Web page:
I still remember how much I hated getting cuts and scrapes as a kid...because they meant my mom would douse the spots with hydrogen peroxide and that arguably hurt more!
But it also always did the trick. Since hydrogen peroxide does expire -- you should get rid of it six months after opening -- it can be tough to use the entire bottle up on just bumps and cuts. Then again, if you know all of these awesome uses for the fizzy liquid, you'll find yourself going through bottle after bottle. This stuff is so useful!
First, for easy application, consider getting a spray bottle top for your hydrogen peroxide.
Well there you have it -- stop just using it on your cuts and start using it all around your home!
In a cool science video, see exactly what happens when blood comes into contact with more concentrated hydrogen peroxide!
We've all used hydrogen peroxide on a cut or scrape at some point in our lives. That burning sensation paired with the foam it creates when it hits the blood is reassurance that our cut won't get infected by anything nasty. But why does it do that?
Well, you've got to understand one thing first...
Most over-the-counter hydrogen peroxides are a solution of the chemical and water. Typically, they don't contain more than three percent hydrogen peroxide. Why so little, you ask? Well, I'll let the video below do the talking...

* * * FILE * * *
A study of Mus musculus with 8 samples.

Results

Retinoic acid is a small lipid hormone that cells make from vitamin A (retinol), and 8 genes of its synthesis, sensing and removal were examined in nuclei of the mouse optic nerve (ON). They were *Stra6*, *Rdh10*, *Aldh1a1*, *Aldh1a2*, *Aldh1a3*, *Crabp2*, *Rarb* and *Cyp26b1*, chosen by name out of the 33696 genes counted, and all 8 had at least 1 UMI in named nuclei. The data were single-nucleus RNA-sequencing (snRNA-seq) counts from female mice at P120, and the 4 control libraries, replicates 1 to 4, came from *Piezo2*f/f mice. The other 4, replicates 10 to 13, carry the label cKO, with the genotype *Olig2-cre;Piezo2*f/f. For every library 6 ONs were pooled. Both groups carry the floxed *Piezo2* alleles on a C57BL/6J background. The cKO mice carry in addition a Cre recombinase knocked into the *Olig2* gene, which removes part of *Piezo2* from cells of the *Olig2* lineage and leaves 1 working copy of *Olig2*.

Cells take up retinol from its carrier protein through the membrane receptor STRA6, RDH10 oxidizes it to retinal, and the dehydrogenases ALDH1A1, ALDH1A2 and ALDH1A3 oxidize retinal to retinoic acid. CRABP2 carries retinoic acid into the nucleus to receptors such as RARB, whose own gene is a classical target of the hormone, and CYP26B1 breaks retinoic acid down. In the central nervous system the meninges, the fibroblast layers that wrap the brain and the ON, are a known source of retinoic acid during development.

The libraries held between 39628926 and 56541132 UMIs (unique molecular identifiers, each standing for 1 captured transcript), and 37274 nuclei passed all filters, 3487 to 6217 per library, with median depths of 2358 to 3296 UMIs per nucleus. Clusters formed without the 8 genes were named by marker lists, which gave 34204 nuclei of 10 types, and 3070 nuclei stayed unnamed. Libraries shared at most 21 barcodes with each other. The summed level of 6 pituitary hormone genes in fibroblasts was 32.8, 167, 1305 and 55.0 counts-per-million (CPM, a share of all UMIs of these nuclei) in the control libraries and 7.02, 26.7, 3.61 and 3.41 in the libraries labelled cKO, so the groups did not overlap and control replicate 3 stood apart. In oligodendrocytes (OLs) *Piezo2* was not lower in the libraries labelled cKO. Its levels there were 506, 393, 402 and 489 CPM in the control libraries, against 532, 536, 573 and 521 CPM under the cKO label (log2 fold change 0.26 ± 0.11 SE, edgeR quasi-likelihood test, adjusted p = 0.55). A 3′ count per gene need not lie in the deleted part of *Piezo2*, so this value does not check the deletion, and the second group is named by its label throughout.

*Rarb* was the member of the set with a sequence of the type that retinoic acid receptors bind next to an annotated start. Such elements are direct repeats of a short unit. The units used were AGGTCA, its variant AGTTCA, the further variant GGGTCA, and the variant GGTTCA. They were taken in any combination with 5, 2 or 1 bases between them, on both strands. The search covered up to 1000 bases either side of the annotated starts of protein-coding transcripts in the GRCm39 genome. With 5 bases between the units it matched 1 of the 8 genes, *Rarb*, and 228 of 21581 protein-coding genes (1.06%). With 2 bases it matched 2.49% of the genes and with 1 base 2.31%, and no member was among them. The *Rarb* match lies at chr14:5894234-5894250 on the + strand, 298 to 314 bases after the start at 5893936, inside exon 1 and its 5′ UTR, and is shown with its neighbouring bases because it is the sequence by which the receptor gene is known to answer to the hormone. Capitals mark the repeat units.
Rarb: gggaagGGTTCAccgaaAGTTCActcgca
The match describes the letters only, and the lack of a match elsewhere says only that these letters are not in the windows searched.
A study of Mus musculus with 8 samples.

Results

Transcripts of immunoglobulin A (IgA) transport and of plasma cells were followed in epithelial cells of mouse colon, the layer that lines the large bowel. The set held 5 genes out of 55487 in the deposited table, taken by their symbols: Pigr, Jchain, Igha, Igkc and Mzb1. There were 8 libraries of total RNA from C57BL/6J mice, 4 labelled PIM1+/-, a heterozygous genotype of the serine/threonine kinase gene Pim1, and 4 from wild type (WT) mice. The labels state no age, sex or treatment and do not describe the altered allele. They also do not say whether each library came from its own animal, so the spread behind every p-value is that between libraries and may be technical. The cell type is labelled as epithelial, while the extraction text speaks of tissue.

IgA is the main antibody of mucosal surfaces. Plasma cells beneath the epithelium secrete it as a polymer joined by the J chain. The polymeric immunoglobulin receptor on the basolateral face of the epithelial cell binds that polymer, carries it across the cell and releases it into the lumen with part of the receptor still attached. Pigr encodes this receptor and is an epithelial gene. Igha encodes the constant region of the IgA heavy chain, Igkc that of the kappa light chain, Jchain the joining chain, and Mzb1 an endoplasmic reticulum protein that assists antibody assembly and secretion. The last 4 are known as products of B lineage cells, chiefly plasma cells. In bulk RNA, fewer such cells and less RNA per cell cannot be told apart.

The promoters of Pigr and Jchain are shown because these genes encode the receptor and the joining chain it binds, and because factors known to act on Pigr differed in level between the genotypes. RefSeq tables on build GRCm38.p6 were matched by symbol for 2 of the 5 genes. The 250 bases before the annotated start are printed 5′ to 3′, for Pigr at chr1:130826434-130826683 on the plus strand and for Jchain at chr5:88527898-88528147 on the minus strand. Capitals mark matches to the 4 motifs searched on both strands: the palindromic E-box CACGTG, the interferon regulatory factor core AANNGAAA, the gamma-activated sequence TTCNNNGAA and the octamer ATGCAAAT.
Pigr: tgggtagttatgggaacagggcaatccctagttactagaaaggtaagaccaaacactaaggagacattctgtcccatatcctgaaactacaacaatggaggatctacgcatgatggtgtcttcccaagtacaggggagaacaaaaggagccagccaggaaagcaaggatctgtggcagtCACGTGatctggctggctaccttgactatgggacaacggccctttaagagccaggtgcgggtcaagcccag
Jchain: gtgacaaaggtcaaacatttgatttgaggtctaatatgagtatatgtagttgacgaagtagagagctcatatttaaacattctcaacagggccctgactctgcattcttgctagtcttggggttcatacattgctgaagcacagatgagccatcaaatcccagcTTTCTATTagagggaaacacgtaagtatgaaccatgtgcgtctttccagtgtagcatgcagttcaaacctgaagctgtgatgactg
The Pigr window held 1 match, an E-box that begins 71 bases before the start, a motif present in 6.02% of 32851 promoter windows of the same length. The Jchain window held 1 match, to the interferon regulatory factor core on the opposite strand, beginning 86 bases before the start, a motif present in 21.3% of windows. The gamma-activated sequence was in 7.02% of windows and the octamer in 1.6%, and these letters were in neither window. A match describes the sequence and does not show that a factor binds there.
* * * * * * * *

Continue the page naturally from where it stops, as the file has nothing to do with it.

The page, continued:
This is what happens when blood comes into contact with 30% hydrogen peroxide.
What you're seeing is the chemical reaction between the enzyme catalase (which is found in our blood cells) and the hydrogen peroxide itself. When they come into contract with each other, the hydrogen peroxide turns into oxygen and water.
The bubbles you see are pure oxygen being released as a result of the combination. The reaction is also extremely efficient at burning up (so to speak) any bacteria that may have made its way into your cut. Now just imagine pouring that 30% solution on it...yeah, that would have some devastating consequences.